Protected urea can be a key tool for reducing emissions in grassland farming but a trial has raised possible shortcomings of its performance in prolonged dry spells.
Rhiwaedog, a farm near Bala, Wales wants to improve nitrogen efficiency and increase the quantity and quality of grass grown to reduce reliance on bought-in feed.
From May to July the farming business sold 600 Texel-cross lambs, most of which were creep fed at a cost of £8/lamb.
“We are overly reliant on finishing lambs from the bag, we want to suppress as many costs as possible and fatten off grass," Aled Jones told farmers watching a Farming Connect Demo Farm Live broadcast from Rhiwaedog.
“We want to spend less on concentrates and utilise grass to its greatest potential."
Creep feeding did however enable the business to achieve higher prices early in the season, and to shut off more ground for silage.
But Mr Jones added: “With the remaining 1,600 lambs we would like to be able to finish them all off grass, roots and reseeds and not use the bag."
The family has been working with independent grassland specialist Chris Duller on a project that seeks solutions for that.
One of the projects they have embarked on is to compare the performance of difference sources of nitrogen (N) – ammonium nitrate, which has an N content of 34.5% and urea and protected urea, which both have an N content of 46%.
The protected urea is designed to reduce the loss of ammonia gas as the urea converts into plant available ammonium and nitrate as, in unfavourable conditions, 70% of urea nitrogen can be lost to the atmosphere.
On 11 April 2020, urea and protected urea were applied on pasture ground at 85kg/hectare, supplying 40kgN/ha.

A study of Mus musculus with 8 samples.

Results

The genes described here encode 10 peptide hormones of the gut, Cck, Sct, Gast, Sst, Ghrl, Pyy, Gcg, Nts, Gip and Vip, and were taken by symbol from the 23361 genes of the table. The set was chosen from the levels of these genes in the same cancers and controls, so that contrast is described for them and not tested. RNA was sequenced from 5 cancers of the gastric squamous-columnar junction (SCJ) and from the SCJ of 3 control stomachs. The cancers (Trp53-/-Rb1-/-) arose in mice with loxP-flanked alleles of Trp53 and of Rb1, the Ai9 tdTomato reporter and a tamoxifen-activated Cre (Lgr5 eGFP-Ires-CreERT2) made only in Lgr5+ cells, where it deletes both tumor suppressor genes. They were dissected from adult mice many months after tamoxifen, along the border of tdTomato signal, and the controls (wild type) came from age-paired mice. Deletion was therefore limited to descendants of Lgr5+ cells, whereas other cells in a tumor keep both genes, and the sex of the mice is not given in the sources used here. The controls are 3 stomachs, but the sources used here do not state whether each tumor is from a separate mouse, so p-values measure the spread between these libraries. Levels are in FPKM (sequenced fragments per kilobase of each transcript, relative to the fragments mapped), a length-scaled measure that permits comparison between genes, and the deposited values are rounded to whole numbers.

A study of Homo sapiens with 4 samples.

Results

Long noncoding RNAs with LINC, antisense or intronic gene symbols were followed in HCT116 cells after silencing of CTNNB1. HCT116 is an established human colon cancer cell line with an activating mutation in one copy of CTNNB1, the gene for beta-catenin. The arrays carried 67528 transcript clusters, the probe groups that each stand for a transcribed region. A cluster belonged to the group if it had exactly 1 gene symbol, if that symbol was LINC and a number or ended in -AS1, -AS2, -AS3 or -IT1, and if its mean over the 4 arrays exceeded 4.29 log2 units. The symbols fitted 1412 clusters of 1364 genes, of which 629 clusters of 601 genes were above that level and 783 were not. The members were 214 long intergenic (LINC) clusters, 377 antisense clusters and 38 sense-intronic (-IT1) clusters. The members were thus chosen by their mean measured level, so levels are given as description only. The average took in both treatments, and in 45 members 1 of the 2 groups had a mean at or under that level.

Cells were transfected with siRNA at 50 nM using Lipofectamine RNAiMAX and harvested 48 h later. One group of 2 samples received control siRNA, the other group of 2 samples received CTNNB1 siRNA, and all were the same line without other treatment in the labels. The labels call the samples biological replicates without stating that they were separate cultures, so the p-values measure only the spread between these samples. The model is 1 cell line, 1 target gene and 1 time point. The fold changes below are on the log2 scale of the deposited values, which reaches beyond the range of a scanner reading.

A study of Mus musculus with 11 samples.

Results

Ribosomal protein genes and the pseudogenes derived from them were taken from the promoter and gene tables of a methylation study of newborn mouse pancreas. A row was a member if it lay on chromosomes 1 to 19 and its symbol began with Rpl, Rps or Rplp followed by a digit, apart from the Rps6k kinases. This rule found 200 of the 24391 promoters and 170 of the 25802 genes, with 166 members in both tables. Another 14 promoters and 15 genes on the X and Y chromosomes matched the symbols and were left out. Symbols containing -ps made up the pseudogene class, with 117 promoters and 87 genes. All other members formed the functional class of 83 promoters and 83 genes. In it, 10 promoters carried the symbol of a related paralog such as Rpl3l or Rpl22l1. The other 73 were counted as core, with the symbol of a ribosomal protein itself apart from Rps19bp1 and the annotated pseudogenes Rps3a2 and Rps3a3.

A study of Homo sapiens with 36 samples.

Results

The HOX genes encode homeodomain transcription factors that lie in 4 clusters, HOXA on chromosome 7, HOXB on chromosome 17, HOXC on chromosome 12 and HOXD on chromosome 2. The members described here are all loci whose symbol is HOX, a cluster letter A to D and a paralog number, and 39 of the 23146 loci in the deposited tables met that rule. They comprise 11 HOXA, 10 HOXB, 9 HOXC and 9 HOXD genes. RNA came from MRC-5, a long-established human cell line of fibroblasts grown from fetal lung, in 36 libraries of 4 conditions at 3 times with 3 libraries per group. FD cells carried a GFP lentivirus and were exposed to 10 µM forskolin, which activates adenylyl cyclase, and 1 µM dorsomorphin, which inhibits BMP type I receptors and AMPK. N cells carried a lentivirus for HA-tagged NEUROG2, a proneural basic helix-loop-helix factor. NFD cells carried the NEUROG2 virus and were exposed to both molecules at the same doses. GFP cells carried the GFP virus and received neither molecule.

After four weeks, grass height in the protected urea applied pasture was 31cm compared to 23cm in the urea zone – a 30% increase in growth, demonstrating that it had retained N.
In addition to the environmental benefit, reducing the amount of nitrogen lost to the atmosphere in the form of ammonia and nitrous oxide has a clear financial benefit, as more nitrogen stays in the soil and is available for uptake.
But when protected urea was trialled against ammonium nitrate on silage ground at Rhiwaedog during this year’s dry spring, its performance fell short.
It was applied on 15 May, at 185kg/ha, with ammonium nitrate spread at a rate of 250kg/ha – so both supplying 86kgN/ha.
On 22 June, the field which had ammonium nitrate applied had produced 5,050kgDM/ha of grass but the protected urea only 4,120kgDM/ha – 20% less.
Mr Duller told farmers listening to the Demo Farm Live broadcast that this could have resulted from the protracted dry period breaking down the protective layer of the prill.
He said that multiple studies in Ireland had demonstrated that protected urea delivers equivalent yields to ammonium nitrate therefore more trials would be undertaken at Rhiwaedog.
The farm is also growing multi species leys using a mix high in legumes and herbs with only a 4% ryegrass content.
Mr Duller explained that in English stewardship schemes farmers can access £300/ha in subsidy for growing these diverse leys.
“The leys are not cheap to grow and not that simple to manage so we will be monitoring how they perform in the climate and management regimes at Rhiwaedog," he said.